The student media organization of California State University Northridge

Daily Sundial

The student media organization of California State University Northridge

Daily Sundial

The student media organization of California State University Northridge

Daily Sundial


Photo illustration of Andres Soto holding a rosary Photo credit: Logan Bik

On April 2, Senator Jerry Hill brought to the California Senate SB 360, a bill that would take away from clergy members their exemption to refrain from reporting on sexual abuse during a confidential conversation.

The bill has gained both support and opposition from sexual abuse victims and the Catholic Church. The supporters all agree on the fact that it’s about time, while clergy members say that it’s a violation of their First Amendment.

“It is a violation of religious freedom that is in the constitution, that’s the most important thing. The government should not encroach on the right of the people to worship, that they are free to worship without any interference of the government,” said Deacon Gus Mora from St. Joseph the Worker Parish in Winnetka. He says that the government must respect the principle of separation between church and state, their religious liberty.

Clergy members are required to report on child abuse and neglect, among 46 categories of professionals from teachers to psychiatrists, but because of the Sacrament of Confession, where people can confess to priests, they are exempt from sharing anything related to child abuse to the government on account of privacy that the penitential rite grants.

Originally, SB 360 was proposed to require clergy members to disclose any child abuse or neglect during confessions, but the bill was later amended in May to require clergy members to only disclose on such information that involved other clergy members or coworkers.

This bill was proposed in response to recent sexual abuse scandals that came to light. During the hearing in April, Hill said that earlier that week a priest from the Bay area was arrested for 30 accounts of child abuse from 2016 and 2017 and that child abuse within faith organizations is still a huge issue. His bill was proposed in response to the recent child abuse scandals that have gained a lot of attention.

Hill said in the hearing, recorded and published on the California State Senate media archives, that “California would not be trailblazing in this measure” before he began listing several states including Indiana, Connecticut, Mississippi and others that already have “similar statutes and operate under the same constitution and the same Bill of Rights that we do.”

“It’s time that California puts its children first,” said Hill.

Kameron Torres, a sexual abuse victim, followed Hill’s proposal with his testimonies of being sexually abused twice by different men under the Jehovah’s Witnesses group he grew up in. He said the abuse started when he was six and they told him “don’t speak about it, it’s in God’s hands and he’ll take care of it.” Torres said it wasn’t until two years ago that he found out they were part of a cult that hid thousands of accounts of sexual abuse cases but according to him, they still roam free.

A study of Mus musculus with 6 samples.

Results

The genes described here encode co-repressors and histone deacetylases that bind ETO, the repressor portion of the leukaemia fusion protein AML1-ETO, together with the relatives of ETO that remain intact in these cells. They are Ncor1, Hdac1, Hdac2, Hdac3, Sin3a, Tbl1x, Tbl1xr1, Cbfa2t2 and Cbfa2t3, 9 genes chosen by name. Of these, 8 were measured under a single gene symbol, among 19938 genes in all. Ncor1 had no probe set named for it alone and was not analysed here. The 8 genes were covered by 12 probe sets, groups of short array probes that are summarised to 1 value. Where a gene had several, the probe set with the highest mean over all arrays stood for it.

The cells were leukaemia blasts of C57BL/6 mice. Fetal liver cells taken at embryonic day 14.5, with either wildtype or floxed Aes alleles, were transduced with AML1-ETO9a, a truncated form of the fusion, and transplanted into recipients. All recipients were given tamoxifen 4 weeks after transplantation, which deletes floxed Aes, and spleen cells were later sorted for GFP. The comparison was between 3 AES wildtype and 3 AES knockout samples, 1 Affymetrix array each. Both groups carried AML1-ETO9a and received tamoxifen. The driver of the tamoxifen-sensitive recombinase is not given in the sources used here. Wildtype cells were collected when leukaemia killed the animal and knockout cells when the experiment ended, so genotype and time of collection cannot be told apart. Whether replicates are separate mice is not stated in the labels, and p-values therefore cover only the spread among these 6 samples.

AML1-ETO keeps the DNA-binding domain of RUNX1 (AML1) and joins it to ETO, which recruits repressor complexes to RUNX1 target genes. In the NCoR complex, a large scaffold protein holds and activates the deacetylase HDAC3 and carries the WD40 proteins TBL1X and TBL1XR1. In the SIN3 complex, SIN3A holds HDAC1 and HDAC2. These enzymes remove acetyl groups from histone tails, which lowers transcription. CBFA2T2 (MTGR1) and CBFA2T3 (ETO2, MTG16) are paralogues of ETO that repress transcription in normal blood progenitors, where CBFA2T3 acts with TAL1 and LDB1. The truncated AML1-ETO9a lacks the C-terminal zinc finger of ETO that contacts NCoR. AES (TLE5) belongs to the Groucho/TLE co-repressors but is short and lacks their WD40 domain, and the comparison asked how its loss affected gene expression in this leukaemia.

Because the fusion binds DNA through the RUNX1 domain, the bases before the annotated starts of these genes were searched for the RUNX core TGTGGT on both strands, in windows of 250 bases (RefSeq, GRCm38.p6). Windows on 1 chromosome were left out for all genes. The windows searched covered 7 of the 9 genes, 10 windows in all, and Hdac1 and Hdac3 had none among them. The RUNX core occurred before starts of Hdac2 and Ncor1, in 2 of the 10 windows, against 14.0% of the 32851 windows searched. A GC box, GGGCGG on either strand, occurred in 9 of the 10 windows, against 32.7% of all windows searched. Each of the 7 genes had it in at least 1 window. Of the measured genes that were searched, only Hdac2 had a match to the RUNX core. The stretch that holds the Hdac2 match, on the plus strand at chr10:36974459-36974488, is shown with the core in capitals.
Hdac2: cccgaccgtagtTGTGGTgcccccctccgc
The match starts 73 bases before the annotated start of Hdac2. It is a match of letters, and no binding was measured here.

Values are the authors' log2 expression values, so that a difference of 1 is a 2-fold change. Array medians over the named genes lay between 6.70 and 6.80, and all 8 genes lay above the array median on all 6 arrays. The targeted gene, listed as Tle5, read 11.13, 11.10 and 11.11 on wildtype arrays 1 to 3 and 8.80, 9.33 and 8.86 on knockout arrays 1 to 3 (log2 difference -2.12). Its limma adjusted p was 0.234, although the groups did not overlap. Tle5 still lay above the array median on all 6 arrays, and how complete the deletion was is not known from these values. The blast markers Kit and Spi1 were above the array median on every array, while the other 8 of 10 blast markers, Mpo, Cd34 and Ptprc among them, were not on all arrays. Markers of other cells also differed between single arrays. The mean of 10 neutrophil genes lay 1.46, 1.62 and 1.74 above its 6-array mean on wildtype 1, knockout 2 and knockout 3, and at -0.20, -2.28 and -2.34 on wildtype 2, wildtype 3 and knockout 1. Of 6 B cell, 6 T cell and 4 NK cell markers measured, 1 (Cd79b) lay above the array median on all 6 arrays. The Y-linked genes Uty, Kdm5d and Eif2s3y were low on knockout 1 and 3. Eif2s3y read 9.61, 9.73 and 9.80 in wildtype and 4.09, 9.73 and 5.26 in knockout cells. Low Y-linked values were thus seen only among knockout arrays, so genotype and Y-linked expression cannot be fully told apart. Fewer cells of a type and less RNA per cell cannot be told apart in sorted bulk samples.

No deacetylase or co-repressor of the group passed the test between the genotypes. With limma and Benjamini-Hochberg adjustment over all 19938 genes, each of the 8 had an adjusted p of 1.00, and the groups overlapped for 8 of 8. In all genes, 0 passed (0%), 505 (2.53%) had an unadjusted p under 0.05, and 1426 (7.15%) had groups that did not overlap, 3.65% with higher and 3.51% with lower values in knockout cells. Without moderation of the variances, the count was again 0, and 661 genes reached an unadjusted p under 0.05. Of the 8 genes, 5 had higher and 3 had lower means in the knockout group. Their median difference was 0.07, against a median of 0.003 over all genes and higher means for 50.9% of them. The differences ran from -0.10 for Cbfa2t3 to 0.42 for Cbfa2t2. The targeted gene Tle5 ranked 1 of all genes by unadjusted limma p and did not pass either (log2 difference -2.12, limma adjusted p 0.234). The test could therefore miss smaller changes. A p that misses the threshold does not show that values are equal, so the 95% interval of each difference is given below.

“I think it’s time that the universe is telling us to protect our children,” said Torres.

He was followed by many supporters from different organizations, including other former Jehovah’s Witnesses abuse victims. One woman, holding back tears, said it was her first time speaking in public about being abused and that it was scary but she supports the bill.

In May this year, Pope Francis issued the first law that obligates Roman Catholic officials worldwide to report sexual abuse from clergy members to their superiors as well as any attempts to cover it up.

Bishops under the Catholic Church established the Charter for the Protection of Children and Young People in June 2002, the same year that the Boston Globe published a series of reports revealing hundreds of sexual abuse cases from the Catholic Archdiocese of Boston. The document contains the Church’s responses to child sexual abuse and a foundation for prevention programs, one of them being the Office of Safeguard the Children and Safeguard the Children Parish Committees.

Under these programs, Virtus “Protecting God’s Children” Training was installed that teaches adults who work or volunteer with children different steps to prevent/report on child abuse. Since its beginning, over 329,000 clergy, staff and volunteers have been trained, according to the Virtus Training website.

Deacon Gus is a facilitator for Virtus Training, meaning he leads the three-hour training sessions. He says that more people are talking about the sexual assault cases during the sessions and give their opinions on what the church should do. But he does not believe that the bill is a solution.

“The priests will fight tooth and nail to preserve that confidentiality,” said Deacon Gus. He said that if the bill were to pass, people will no longer go to confessions.

As a grandfather, he says he’s relieved that this training exists because sexual abuse can happen anywhere.

“There are so many people out there who have evil intentions,” said Deacon Gus. He mentioned that the church’s biggest mistake was thinking that sexual abuse could be “cured” by removing a priest from their church and transferring them somewhere else.

The bill is currently on hold because Hill believes that it will not carry enough support after the first hearing, according to a press release statement.

“This issue remains important to me, and I will continue to champion it in the hope that my colleagues can come together on legislation,” Hill stated. “I strongly believe that for any institution self-policing and self-investigation are not effective ways to combat alleged abuse, as our own state Legislature has found. To be clear, I have placed SB 360 on hold. The bill is on pause, it has not been withdrawn.”